Last week, I took the boys, as usual, to piano lessons, which take place at our piano teacher’s house. Over the years we’ve been going, the kids’ lesson times have changed — we’ve been there on Fridays before dinner, Wednesdays immediately after school, and now, midday on Saturdays. While one of them practices in the sunroom-turned-music-room off our teacher’s living room, I sit in the living room with the other kid.
I always implore the kids to bring something to do while they’re waiting — homework, a book, a word search (James went through a bizarre phase of wanting me to buy those cheap word-search magazines at the supermarket — the kind you see Stanley using on The Office), whatever.
But I never bring food. Reason #2 I never bring food to the piano teacher’s house is that I disagree that kids need Goldfish crackers as a distraction, or even, at my kids’ ages, that they can’t deal with a spot of hunger if it’s just before or after a meal. (More on the snack culture later!) And reason #1?
IT’S NOT OUR HOUSE!
We are sitting on (white) couches in our piano teacher’s living room. Where she lives. With her family. I would never presume to eat in her home without invitation. But when we showed up last week, we saw this hand-lettered sign on her coffee table:
I asked our teacher about the sign, and it turns out — surprise! — she’s getting tired of cleaning cracker crumbs and popcorn bits out of her couch cushions, mopping up spilled drinks and, this is the kicker, scraping old gum off the underside of the coffee table.
Dear God. Really? Gum?
I’ve railed against the snack culture before — from the time, when my boys were a baby and a toddler and we showed up for a bookstore story time, at 10 a.m., and were the only family there without a lunchbox full of snacks — to recently, when I glanced around the poolside while I watched the kids’ swim lessons, and saw parent after parent, chatting with each other, reading, or texting, and pulling bags of Cheerios and chips and crackers and Goldfish out of their bags for the younger kids. I do get that toddlers’ tiny tummies require more frequent filling, but come on.
The other issue I’ve been outspoken about (but maybe not enough!) is the notion that no group of children can come together for any reason without a snack. Girl Scout meeting? Donuts! Sport? Don’t get me started!
No. Wait. Get me started, because I gotta tell you something cool. Soccer season just started again, and this year, again, James’ coach is his dad. I was getting geared up for my usual job as Mrs. Coach, which means making sure hubby emails everyone (and proofreading the emails); checking the roster; and organizing the snack schedule. Traditionally the snack parents are responsible for half-time fruit (orange slices are popular); and an end-of-game treat. Munchkins, chips, cookies, juice.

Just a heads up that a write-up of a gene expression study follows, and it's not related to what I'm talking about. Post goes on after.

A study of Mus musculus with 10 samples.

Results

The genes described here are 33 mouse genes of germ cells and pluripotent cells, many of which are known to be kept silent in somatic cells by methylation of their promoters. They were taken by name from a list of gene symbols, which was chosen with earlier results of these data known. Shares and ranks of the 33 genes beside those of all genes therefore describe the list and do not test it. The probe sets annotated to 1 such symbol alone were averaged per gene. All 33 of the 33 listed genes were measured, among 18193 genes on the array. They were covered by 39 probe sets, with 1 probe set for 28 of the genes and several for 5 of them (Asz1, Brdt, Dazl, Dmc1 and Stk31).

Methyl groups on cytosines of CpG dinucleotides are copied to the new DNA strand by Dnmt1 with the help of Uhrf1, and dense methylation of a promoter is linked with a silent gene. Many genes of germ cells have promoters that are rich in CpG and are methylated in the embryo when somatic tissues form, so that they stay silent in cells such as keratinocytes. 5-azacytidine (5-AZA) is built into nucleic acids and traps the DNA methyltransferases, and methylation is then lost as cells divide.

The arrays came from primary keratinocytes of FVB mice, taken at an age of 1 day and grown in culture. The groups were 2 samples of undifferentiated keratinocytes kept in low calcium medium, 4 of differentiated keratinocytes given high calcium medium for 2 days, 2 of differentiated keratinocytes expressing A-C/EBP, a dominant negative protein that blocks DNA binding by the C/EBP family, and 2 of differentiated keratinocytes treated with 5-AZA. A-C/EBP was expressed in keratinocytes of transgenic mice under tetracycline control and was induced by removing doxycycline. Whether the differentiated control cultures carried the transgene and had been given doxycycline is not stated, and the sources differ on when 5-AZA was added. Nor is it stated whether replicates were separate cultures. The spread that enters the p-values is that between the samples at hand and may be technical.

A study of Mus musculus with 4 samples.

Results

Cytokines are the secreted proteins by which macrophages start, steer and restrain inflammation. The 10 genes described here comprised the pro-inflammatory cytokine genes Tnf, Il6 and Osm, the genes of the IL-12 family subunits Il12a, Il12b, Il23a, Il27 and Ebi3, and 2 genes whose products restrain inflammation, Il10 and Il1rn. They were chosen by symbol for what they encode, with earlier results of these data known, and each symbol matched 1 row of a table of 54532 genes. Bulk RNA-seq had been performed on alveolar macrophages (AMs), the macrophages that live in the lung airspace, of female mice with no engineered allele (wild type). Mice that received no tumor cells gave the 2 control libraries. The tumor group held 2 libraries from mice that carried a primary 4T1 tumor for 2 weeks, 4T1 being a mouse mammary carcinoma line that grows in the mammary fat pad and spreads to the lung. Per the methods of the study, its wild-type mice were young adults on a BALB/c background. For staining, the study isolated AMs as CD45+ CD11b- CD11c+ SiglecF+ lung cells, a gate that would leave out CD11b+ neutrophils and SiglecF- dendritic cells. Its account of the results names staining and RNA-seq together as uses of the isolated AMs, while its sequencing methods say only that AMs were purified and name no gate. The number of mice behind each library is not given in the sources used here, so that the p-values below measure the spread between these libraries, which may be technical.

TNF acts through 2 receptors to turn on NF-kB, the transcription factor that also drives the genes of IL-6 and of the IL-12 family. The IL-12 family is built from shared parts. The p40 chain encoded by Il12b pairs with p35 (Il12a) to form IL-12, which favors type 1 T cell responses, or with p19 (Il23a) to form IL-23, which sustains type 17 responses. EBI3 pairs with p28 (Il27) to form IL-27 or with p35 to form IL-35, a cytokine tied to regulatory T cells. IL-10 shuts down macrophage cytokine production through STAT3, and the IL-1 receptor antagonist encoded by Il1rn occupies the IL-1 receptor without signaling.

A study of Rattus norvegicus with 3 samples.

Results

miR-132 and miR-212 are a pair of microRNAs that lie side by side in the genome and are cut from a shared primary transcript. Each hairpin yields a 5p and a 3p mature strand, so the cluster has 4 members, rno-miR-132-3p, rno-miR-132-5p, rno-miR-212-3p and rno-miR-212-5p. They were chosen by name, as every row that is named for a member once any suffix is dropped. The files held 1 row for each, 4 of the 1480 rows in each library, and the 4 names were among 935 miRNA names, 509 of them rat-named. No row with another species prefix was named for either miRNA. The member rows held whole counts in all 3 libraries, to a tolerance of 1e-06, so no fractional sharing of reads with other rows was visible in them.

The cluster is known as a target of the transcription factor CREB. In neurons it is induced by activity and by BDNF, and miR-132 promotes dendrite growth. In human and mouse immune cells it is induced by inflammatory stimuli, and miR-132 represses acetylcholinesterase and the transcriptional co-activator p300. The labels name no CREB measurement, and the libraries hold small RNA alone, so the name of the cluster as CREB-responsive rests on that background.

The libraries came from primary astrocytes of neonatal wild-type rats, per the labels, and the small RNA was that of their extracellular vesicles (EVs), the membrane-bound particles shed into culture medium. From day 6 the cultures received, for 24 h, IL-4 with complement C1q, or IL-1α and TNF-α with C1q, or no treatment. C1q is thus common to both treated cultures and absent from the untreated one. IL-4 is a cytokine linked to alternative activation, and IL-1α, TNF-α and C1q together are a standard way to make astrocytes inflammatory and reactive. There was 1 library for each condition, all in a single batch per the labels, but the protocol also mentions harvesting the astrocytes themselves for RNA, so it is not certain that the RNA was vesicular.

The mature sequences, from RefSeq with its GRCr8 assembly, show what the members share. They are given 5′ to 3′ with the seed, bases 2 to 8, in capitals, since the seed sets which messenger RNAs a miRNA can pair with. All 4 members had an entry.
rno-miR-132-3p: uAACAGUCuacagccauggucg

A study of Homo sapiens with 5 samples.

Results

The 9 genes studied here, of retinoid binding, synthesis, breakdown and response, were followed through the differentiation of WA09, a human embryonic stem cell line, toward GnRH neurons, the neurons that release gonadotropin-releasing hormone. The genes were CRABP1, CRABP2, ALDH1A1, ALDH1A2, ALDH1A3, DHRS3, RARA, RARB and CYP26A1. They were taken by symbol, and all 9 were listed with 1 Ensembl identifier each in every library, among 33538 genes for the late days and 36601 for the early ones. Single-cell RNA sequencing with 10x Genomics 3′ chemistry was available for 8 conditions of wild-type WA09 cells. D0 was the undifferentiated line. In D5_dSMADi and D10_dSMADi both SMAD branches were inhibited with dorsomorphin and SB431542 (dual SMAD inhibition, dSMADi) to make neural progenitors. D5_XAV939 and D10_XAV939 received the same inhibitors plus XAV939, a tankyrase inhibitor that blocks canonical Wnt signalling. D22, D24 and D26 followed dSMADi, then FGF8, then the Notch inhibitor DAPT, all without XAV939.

So. Not. Necessary. And kind of depressing to see these kids who just spent, what, maybe all of 30 minutes actually exercising (given sitting on the sidelines and daydreaming in defense), double-fisting Munchkins. It always seemed like a crazed feeding frenzy; I would imagine a nature-documentary voice-over: “you’ll notice that one child uses the basic hip check to be sure he gets the last chocolate donut. Now watch the younger sibling nearly get decapitated trying to enter the snack scrum…”
For me, the parent who allows either one or zero desserts per day, the post-game Munchkins meant no treat after dinner (a rule my kids understand, but what they don’t know is I may have wanted to, say, take them out for ice cream later — I like ice cream, too! — but not after they mainlined that much sugar earlier).
Here’s what I (well, we, because Coach Dad, an exercise scientist by trade, is behind me on it) suggested: Snack parents’ only task would be half-time fruit. Everyone should bring water for their kid. And that … would be that.
Bracing myself for parental push-back (aw, let the kids have a treat! They work hard!), and kid whining (where are the Munchkins?!) I started preparing my arguments.
Didn’t have to use any of them. No one pushed back. Which leads me to think, I had more allies than I thought. You need me to be the bad guy? I’ll take it.
And you gum chewers? Please. Stick your wad in your pocket when you’re done if you don’t have a tissue or something.